Maxine Ransom

The New York Times Luxury Conference 2018 was held in Hong Kong recently. For the past 14 years Industry leaders have gathered in this Chinese territory to debate and present their findings and points on the future of luxury, with a focus on the comparison between Western and Eastern consumers.

For Launchmetrics, it was a particularly exciting edition as we had the wonderful opportunity of presenting our findings featured in Understanding the Digital Luxury Consumer: Key Insights from East to West, a report created in partnership with PARKLU. Arnaud Roy, our Chief Strategy Officer, and Vanessa Friedman, Fashion Director of New York Times, discussed the data analysis, particularly highlighting the power of influencers in China. See New York Times’ video hereWe thought it would be a great opportunity to bring you insights from other presentations as well, which is why we sat down with our Chief Marketing Officer, Alison Bringé, who attended this two-day event.  Following are her key points taken from the conference:

NYT Luxury 2018 Takeaways

What were your top takeaways from the two days of talks?

I would say how the world is becoming more about personalization. Ian Rogers discussed the power of technology and digital, and how data will play a key role in this shift. It will no longer just be about personalization, but creating a unique world and experience for each customer (think about how the Instragram feed works: every single Instagram user has their own unique feed).

The customer journey is still an on and offline experience, even in Asia which is more noted for being better “connected” than its western counterparts.  Brands need to think carefully about how to reach these customers physically. And with globalization, brands should think about building one voice with many stories to address local customers.

Was there any particular presentation that really stood out for you? If so, why?

Several! The Alibaba presentation had some interesting statistics about the Chinese consumer, and how their experience is still very much offline and online with 20% of it being online whereas 80% is offline. One of the speakers from Baccarat had an interesting comment about how the first influencer ever was the king of France, and how he had parties with other “influencers”. Sometimes we forget that the concept of “influencers” has actually been around for ages. 

I think the one that had the most impact for me was the presentation by Ian Rogers about how we are moving to a market of one. He stated that this century will be defined by how humans use data to understand behavior, as we do. When we talk about a market of one, it means every individual will get everything tailored to them. And with Artificial Intelligence, even mass market brands can market to that market of one.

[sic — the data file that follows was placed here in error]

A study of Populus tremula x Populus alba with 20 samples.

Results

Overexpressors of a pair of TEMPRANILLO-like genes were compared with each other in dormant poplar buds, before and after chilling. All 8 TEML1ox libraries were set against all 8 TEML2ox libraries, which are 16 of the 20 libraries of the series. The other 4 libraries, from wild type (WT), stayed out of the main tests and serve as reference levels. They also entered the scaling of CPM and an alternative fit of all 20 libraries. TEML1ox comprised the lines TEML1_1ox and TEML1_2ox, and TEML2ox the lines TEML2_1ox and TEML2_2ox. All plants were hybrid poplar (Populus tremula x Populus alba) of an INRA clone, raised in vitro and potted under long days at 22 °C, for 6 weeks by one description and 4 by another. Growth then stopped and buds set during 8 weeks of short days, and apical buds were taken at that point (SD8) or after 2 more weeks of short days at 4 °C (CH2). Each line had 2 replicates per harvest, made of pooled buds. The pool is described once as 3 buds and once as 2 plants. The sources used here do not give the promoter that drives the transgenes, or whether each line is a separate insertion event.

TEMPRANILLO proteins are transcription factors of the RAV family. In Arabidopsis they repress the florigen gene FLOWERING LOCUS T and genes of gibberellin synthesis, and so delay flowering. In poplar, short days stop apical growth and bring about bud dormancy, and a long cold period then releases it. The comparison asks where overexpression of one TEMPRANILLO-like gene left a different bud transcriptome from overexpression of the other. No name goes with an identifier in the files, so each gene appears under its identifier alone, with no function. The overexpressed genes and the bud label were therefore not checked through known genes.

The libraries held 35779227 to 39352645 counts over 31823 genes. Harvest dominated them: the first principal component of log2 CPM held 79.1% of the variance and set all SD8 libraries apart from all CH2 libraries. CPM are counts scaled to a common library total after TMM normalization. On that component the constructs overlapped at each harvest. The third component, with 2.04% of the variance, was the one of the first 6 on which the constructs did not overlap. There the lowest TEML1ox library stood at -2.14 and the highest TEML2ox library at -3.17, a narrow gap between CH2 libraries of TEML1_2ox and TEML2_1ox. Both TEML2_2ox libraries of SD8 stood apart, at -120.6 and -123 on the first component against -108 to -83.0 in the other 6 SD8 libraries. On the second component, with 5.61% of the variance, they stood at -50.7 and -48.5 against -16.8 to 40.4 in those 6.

What is your first hand impression of the Asian luxury consumer? Would you say their usage differs to their Western counterparts? How?

As the opening speaker from RUYI, Qiu Yafu said, Chinese Shoppers are among the savviest in the world, always having the best understanding of currency conversion and now it impacts costs of luxury goods (they are always traveling to other countries to find the best price). I guess I was most surprised at how advanced social commerce was in Asia but how in the end, the Asian consumer still needs twice as many brand interactions to convert to buy than customers in the west.

When you were speaking with other delegates at the New York Times Luxury Conference 2018 what were people most curious about in regards to Launchmetrics and what we do?

I think attendees were really interested in our data and having similar analysis to their brands. I also think there was a lot of curiosity and skepticism about influencers. Some brands recognized the value these content creators can generate and some were really put off, or uninterested in investing in this practice. I think what’s key for them to realize is the value these influencers are already bringing to brands (and you can see this in the data in our report). And even more, to understand how traditional media AND influencers can co-exsist as each helps brands achieve different goals and objectives (i.e. traditional media for awareness, influencers for legitimacy etc).

The future of the luxury market will most likely be the notion of a ‘market of one’, where brands tend to each customer individually, both online and offline. Considering the Chinese consumer is still very much offline (20% of consumers according to Alibaba), brands will need to think more about customer experience, they will need to “map the customer journey and build a plan around that.”


Maxine Ransom

Born and raised in Dubai, with a passion for all things beauty and animal welfare related, Maxine graduated from the School of Audio Engineering with a Bachelor in Film Production, all while publishing her own charity photography book ‘Meet the Creatures’. She then decided to embark on a new creative journey with a Masters in Fashion Promotion and Communication at the Istituto Marangoni in Paris.